ABC’s Bruce Jenner – The Interview was one of the most fascinating pieces of broadcast journalism I’ve seen in quite some time.
This interview was so important for many reasons. It opened up a national dialogue. It helped explain a sensitive topic. It challenged people to be more open-minded.
Out of all that was said, there is one comment that stuck with me. Diane Sawyer asked Bruce if he regretted doing Keeping Up With The Kardashians. She said, “And all that time …”
Bruce’s response was to raise his hand. “I had the story. We had done 425 episodes, I think, over almost eight years, and the entire run I kept thinking to myself, ‘Oh my god, this whole thing.’ The one real, true story in the family was the one I was hiding and nobody knew about it.”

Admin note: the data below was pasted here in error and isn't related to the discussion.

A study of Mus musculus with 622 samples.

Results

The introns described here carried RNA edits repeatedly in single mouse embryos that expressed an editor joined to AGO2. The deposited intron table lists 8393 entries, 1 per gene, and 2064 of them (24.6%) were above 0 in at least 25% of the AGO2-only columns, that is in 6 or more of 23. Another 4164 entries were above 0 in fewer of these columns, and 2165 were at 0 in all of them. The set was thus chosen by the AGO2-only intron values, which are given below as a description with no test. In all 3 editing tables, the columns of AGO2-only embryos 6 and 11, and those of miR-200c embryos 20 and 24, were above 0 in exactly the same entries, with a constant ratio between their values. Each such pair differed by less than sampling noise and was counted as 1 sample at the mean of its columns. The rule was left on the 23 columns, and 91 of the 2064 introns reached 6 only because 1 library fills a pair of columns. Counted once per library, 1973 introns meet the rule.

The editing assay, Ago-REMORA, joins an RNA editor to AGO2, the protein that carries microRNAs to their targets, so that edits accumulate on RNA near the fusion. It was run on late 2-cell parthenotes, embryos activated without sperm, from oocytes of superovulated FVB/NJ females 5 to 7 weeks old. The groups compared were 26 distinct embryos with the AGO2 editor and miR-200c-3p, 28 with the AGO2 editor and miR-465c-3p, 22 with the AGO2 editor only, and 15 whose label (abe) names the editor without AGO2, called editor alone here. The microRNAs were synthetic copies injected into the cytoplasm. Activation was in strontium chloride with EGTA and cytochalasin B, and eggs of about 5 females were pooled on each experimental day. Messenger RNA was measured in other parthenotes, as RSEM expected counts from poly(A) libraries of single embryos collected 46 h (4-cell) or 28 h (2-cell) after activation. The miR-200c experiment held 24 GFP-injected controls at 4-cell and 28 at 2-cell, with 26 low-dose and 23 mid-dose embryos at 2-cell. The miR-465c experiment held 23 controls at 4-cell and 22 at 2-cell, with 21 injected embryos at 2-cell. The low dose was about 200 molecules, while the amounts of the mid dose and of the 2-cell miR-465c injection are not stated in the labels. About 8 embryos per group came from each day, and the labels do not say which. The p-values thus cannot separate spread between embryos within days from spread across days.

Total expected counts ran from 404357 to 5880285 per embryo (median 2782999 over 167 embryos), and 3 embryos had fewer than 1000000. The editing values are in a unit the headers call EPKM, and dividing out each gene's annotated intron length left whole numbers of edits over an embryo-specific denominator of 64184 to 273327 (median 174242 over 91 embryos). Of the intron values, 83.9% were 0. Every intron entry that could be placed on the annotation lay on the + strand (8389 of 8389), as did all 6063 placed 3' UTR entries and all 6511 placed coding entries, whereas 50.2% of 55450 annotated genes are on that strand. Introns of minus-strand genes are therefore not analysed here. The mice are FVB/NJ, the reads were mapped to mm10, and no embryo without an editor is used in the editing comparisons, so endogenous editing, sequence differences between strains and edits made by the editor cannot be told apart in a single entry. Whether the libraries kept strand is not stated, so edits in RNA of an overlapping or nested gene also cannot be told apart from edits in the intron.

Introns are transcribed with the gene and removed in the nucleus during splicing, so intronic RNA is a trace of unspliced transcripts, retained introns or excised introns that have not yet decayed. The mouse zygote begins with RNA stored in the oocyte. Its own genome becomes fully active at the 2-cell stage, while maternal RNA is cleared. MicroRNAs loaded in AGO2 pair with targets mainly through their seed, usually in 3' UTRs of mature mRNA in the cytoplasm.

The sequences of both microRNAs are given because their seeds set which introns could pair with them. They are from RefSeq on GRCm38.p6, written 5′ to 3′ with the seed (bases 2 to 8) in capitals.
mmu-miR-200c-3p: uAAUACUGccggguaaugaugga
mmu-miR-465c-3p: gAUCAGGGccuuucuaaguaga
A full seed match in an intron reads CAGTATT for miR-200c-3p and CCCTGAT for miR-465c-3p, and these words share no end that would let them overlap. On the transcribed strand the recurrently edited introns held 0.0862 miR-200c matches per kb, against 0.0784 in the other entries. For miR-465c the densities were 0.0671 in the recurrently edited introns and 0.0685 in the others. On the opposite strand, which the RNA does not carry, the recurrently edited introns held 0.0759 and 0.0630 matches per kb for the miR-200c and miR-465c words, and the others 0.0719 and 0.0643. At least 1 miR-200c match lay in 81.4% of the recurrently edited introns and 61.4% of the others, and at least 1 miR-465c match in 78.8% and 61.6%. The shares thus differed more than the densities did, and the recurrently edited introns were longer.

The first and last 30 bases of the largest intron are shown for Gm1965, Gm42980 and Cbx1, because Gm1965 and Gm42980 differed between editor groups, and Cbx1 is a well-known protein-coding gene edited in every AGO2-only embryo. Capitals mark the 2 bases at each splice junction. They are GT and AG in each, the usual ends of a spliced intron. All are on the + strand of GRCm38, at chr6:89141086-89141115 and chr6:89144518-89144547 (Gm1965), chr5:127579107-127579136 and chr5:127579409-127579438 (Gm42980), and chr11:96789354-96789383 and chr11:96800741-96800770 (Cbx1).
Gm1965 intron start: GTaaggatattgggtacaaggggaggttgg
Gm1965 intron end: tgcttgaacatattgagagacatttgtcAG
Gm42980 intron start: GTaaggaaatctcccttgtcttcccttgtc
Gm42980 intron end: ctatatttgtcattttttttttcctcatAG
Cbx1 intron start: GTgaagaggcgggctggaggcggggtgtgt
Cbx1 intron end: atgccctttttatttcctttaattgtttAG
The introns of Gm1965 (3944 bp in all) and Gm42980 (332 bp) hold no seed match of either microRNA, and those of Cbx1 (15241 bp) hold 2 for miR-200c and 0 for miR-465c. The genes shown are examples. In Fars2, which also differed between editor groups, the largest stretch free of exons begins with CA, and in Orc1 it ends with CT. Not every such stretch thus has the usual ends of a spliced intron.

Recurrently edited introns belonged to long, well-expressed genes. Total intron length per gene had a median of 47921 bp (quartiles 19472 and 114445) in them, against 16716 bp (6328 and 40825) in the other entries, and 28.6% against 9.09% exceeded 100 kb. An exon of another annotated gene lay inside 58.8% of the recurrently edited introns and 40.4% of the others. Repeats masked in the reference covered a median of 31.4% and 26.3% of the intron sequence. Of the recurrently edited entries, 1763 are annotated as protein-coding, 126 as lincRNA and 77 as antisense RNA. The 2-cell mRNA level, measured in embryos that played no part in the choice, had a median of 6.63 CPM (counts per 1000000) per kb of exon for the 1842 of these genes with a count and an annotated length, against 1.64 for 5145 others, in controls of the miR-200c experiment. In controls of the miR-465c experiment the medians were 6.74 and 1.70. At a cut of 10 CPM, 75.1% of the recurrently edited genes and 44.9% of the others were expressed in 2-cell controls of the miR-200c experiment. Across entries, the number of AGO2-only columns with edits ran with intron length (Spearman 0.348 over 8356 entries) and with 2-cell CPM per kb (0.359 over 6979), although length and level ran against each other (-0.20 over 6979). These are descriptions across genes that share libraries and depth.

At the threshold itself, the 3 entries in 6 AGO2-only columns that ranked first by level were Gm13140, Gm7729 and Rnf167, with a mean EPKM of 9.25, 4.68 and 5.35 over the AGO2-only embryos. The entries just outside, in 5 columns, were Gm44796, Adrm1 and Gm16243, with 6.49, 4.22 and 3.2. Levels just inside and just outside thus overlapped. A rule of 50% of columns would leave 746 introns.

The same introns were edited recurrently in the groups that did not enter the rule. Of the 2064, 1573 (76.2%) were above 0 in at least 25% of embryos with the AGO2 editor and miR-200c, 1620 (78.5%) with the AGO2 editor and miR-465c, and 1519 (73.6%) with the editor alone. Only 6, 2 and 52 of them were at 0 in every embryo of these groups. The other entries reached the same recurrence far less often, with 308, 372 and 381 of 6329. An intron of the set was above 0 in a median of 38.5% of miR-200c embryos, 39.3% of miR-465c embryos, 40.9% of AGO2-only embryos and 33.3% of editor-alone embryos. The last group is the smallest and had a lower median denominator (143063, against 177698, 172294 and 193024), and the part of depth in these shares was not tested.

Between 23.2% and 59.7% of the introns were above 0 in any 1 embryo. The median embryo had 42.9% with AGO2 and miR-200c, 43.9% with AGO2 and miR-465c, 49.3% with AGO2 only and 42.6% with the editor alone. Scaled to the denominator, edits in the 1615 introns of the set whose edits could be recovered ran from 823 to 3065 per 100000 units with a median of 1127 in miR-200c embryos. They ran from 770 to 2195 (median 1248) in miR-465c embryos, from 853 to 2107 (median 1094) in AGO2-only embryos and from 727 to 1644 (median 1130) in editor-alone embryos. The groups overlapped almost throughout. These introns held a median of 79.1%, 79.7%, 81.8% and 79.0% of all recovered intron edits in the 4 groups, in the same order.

To me, that comment says so much.
There is an illusion of access to modern celebrities, thanks to social media, paparazzi photos, even TMZ. We feel like we genuinely *know* these people because we see them all the time. But … how much do we really see?
Sure, I see celebrities I follow on social media pop up in my newsfeed, and I could tweet them anything at any time. But that doesn’t mean I know everything about them – or even have the right to. What I see is minute portion of their day and their personality – not a full picture.
There is a point where that illusion of access goes to far. One of the saddest moments of the ABC special to me was when Bruce cancelled a medical procedure because paparazzi found about it and were waiting for him. Even for celebrities who are as (arguably) overexposed as the Jenner/Kardashian family, there is no reason that should happen.
Reality TV might invite viewers into a celebrity’s home, but that doesn’t mean we need to see the dirty laundry. I, for one, am glad that Bruce decided to tell his real, true story.